Wild Lettuce By Steven Horne and Paula Perretty

Lettuce has been used in salads for thousands of years, but it has a wild cousin that is plucked from yards and gardens everywhere as a weed—wild lettuce. Wild lettuce is native to the western Himalayan region of India and is the plant from which many cultivated lettuces were developed. But don’t go picking this plant for your salad as it is quite bitter, which may explain why the Romans and the Greeks considered the lettuce unlucky and only served it at funerals.

Wild lettuce, also know as prickly lettuce, bitter lettuce and lettuce opium, is an erect leafy plant with leaves similar to those of a dandelion. The plant looks rather unkempt and often grows in cracks in sidewalks, vacant lots and other “waste” places. For these reasons, herbalist Matthew Wood calls wild lettuce the “herbal street person.” He uses it as a remedy for people who have a coldness and hardness about them and are unconcerned about their physical appearance.

Wild lettuce contains a resinous milky sap, which contains a small amount of pain-relieving opiates. When this substance is collected and dried, it is called lactucarium. The main active compounds of lactucarium are called lactupicrin, lactucin and lactucopicrin, and have been found to have analgesic activity equal or greater to that of ibuprofen in mice. Lactucin and lactucopicrin were also found to have sedative activity in measurements of spontaneous movements of the mice.

Gathering lactucarium is a difficult and tedious process. Michael Moore describes how to do it in his book Medicinal Plants of the Desert and Canyon West. He calls the process “the harvesting of the Lactucarium” and says the process “is so boring and tiresome that even I, a little bit fanatic about botanical medicines, have only managed this harvest twice in my two decades of somewhat manic wildcrafting.”

Another way to get the benefits of the mild opiates in wild lettuce is to juice the plant and then dry the juice in fruit leather trays in a dehydrator. According to herbalist Christopher Hobbs, this results in flakes that have a nice analgesic effect.

An even easier way to get the benefits of these mild analgesic and sedative properties of wild lettuce is to make an extract of the fresh, sap-laden plant. Simply cut the stuff, quickly chop it up, pack it tightly into the blender with enough pure vegetable glycerine or EverClear (grain alcohol) to barely cover it and take it for a spin. Strain the mixture, and store it in airtight containers. I’ve made the stuff and it works quite well.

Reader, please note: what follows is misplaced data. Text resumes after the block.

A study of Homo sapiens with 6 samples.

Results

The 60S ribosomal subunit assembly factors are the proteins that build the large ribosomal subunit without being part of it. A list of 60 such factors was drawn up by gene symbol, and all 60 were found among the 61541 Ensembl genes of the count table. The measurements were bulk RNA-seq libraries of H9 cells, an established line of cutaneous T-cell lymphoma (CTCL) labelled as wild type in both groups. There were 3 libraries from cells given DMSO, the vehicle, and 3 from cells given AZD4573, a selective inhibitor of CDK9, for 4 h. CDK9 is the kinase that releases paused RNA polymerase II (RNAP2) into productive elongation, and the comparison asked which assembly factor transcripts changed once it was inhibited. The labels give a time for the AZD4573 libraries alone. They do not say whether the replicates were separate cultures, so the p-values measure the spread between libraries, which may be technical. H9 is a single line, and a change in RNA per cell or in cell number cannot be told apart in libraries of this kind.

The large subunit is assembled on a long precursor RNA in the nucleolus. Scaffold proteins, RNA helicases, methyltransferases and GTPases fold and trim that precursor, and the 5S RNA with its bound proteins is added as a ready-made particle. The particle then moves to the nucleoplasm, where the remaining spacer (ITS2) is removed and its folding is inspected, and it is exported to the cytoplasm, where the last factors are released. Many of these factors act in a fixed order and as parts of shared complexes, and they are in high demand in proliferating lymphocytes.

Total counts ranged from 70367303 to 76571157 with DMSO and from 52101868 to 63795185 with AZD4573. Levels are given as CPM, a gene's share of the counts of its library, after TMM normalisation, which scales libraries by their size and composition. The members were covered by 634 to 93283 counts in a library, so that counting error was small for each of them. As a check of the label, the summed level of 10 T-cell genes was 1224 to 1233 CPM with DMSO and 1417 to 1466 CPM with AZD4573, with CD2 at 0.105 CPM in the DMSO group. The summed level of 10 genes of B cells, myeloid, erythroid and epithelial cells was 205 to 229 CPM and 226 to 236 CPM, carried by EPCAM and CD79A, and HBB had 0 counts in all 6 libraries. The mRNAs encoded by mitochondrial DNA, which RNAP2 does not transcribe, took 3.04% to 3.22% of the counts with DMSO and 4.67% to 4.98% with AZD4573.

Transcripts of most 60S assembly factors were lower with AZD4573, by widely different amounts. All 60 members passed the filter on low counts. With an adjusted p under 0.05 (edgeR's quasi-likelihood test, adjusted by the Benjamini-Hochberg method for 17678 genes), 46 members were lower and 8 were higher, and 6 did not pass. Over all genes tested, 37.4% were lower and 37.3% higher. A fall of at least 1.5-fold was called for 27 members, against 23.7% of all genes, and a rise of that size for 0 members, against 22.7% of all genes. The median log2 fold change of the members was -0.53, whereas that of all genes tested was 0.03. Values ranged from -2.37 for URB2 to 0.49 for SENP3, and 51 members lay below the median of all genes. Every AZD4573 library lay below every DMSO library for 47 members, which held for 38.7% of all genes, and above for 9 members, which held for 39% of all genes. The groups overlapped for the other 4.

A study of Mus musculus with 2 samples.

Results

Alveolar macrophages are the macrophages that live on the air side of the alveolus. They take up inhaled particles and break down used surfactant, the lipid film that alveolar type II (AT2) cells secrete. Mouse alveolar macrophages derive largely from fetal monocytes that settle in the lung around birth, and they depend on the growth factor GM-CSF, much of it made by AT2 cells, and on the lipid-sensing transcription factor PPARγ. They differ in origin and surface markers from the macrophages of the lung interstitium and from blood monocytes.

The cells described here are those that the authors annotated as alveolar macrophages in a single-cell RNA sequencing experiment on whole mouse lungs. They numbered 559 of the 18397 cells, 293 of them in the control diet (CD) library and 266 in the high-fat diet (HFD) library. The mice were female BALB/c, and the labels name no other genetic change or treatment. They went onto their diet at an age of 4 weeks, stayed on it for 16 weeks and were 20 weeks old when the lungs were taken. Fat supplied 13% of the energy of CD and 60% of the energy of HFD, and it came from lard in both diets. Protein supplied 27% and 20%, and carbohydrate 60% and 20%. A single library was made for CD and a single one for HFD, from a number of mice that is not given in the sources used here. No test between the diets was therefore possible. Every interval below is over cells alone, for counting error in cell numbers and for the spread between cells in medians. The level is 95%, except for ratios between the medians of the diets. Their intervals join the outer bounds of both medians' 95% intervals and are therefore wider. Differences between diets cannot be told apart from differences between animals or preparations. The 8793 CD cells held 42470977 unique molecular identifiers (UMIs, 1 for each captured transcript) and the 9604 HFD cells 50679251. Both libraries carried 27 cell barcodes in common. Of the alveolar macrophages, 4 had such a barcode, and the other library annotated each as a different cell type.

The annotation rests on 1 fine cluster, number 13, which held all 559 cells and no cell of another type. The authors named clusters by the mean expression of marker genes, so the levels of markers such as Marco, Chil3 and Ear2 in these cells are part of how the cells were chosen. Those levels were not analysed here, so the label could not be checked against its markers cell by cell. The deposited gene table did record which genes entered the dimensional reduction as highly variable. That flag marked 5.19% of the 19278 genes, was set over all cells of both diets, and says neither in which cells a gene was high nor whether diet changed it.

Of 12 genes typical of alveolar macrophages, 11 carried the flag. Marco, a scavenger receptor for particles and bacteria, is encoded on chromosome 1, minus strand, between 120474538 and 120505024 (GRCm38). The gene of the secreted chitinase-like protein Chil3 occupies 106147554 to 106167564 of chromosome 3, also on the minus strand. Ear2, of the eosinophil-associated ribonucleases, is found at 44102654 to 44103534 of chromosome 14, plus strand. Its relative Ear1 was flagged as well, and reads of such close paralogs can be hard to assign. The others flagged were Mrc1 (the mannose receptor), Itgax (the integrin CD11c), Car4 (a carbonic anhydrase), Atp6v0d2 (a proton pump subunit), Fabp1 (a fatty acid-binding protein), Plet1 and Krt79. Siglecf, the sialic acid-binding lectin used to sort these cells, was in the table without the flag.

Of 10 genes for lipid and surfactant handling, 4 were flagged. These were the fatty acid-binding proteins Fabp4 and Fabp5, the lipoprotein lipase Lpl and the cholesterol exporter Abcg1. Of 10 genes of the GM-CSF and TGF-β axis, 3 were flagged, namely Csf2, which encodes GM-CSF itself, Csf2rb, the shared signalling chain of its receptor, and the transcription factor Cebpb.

In the 1800s, wild lettuce was considered a substitute for opium and was sometimes called “poor man’s opium.” The Hopi Indians smoked the sap to induce a mild euphoric dream state. Even today, in France, water distilled from wild lettuce is used as a mild sedative.

Why not just use the dried leaf? Well, the dried leaf has value, but it loses most of its pain relieving qualities when dried. The dried leaf, however, still acts as a mild sedative that can help with pain and sleep, especially when combined with other herbs. This is why wild lettuce is included in the herbal aspirin formula, APS II with White Willow Bark.

Wild lettuce can help calm restlessness, anxiety, severe nervous disorders and hyperactivity. It can help with joint and muscle pain and may also ease painful periods.

As a bitter, wild lettuce stimulates the flow of digestive secretions. It is soothing to inflamed mucous membranes, making it effective in easing bronchitis, asthma and dry, irritating coughs by helping to loosen and expel phlegm.

In the eighteenth century, new mothers also used wild lettuce to promote lactation. Because of its safety of use and calming effects, it is a good remedy for children and the elderly. However, wild lettuce is contraindicated for individuals with glaucoma and prostate enlargement.